Elizabeth Whitehouse is a contemporary artist living in the Midlands, UK, in a self-renovated toll keeper’s cottage on the banks of the Wyrley & Essington canal.
Her passion for creativity began when she won the school art prize and went on to complete her degree in Fashion at Bretton Hall College of the University of Leeds.
The human form became her primary interest after years of life drawing and, alongside her career in fashion and visual merchandising, she attended several courses at the St. Ives School of Painting, where she developed skills and experience through a very physical and direct approach to using paint. She works primarily in watercolour despite its tricky nature, it has the properties for the effects she wants to achieve...
Elizabeth adores all things vintage! Intrigued by their hidden histories she asks, “What is it that attracts us to clothing, ceramics and furniture that has been loved by someone else?”
The social history of everyday items gives them their own individual stories. In a previous life, a beautiful silk scarf from the 1960s may have been worn around the elegant neck of a young debutante, at the wheel of a sports car. Or was it tied tightly around the head of a busy housewife, over hair in rollers, dashing out to the shops to buy food for dinner that evening? That familiar rosewood corkscrew that appeared every Boxing Day at Great Uncle Fred’s party is now passed down to you. Its quality and function are so much better than a modern equivalent and it rewards you with happy memories each time you use it.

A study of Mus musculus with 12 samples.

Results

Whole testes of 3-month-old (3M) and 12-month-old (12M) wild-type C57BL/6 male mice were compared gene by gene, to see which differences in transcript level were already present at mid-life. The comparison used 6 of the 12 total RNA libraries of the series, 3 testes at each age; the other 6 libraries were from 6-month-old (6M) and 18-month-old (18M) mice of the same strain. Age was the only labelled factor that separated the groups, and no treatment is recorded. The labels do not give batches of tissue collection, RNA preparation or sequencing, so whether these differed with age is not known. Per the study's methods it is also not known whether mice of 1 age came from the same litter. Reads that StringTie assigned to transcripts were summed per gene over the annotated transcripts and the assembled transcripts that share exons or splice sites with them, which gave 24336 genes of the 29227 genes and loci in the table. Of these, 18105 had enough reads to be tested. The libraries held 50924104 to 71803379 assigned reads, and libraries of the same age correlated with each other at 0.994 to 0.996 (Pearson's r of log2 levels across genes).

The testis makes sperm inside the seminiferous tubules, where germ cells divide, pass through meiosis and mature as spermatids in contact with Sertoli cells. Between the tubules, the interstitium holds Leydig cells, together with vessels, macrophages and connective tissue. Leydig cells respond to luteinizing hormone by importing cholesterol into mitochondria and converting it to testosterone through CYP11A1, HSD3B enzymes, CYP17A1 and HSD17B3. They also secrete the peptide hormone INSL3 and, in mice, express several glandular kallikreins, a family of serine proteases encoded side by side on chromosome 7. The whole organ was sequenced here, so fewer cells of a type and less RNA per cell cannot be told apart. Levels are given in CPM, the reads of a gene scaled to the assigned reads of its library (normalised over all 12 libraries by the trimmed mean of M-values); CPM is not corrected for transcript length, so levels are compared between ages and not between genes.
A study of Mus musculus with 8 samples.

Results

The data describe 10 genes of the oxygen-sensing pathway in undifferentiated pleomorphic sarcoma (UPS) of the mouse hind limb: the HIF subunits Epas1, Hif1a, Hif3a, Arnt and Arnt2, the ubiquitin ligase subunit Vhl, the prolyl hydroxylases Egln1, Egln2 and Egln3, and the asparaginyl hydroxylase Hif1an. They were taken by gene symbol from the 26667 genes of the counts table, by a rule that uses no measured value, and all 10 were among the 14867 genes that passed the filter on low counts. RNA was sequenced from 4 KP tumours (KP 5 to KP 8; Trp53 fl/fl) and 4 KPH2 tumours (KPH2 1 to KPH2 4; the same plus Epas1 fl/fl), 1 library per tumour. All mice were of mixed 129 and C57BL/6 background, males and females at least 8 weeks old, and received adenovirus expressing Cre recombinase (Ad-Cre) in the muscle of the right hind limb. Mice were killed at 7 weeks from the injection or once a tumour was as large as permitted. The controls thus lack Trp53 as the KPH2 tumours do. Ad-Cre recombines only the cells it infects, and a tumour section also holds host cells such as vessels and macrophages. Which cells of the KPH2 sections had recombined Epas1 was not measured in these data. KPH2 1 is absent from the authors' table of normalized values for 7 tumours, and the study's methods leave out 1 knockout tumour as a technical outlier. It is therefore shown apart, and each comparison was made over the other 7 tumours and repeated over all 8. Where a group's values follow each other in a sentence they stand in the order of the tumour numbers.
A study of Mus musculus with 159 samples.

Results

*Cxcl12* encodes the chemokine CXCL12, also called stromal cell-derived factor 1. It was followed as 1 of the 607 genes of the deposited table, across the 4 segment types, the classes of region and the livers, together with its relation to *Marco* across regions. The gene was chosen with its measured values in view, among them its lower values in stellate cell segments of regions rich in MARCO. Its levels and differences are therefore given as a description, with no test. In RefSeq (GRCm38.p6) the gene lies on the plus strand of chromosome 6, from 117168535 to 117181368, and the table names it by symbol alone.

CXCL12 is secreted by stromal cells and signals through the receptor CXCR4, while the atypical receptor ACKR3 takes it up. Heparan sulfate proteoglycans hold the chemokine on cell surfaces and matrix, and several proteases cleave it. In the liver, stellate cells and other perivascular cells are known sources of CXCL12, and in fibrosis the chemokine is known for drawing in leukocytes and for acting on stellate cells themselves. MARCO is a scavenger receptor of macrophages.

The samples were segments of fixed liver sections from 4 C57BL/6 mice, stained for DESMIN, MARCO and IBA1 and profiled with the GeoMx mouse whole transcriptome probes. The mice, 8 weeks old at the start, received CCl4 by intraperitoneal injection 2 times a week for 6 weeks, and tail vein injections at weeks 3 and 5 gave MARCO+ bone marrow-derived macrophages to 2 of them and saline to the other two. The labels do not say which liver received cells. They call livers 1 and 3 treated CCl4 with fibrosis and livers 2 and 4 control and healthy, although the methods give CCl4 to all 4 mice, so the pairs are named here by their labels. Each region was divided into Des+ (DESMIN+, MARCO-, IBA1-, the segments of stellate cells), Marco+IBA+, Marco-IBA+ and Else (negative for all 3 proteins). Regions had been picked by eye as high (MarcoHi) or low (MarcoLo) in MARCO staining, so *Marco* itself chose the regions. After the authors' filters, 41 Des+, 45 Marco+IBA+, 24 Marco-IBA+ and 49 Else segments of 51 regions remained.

Elizabeth focuses her interest on this social history, drawing inspiration from the old black and white family photograph album and breathes new life into those portraits previously stored away in boxes. From formal settings to candid beach scenes, she uses the facial expressions and poses of the figures to produce original and lively paintings.
She looks to her beloved collection of vintage fashion with a driven focus on pattern & colour to further inspire the backgrounds to her portraits. The final paintings are snippets of happy nostalgia, treated in a new way, her own unique style of watercolour painting.
Her process begins in a sketchbook, planning a balanced composition and exploring colour choices. Then comes the moment when paint hits the paper and anything can happen! The unpredictability is both exciting and challenging - that’s what she loves about watercolours. In the final stages, she adds fine black lines to emphasise shifts in tone, giving movement to the image and keeping the eye engaged. These intuitive marks are her favourite part of the process and define her artistic voice.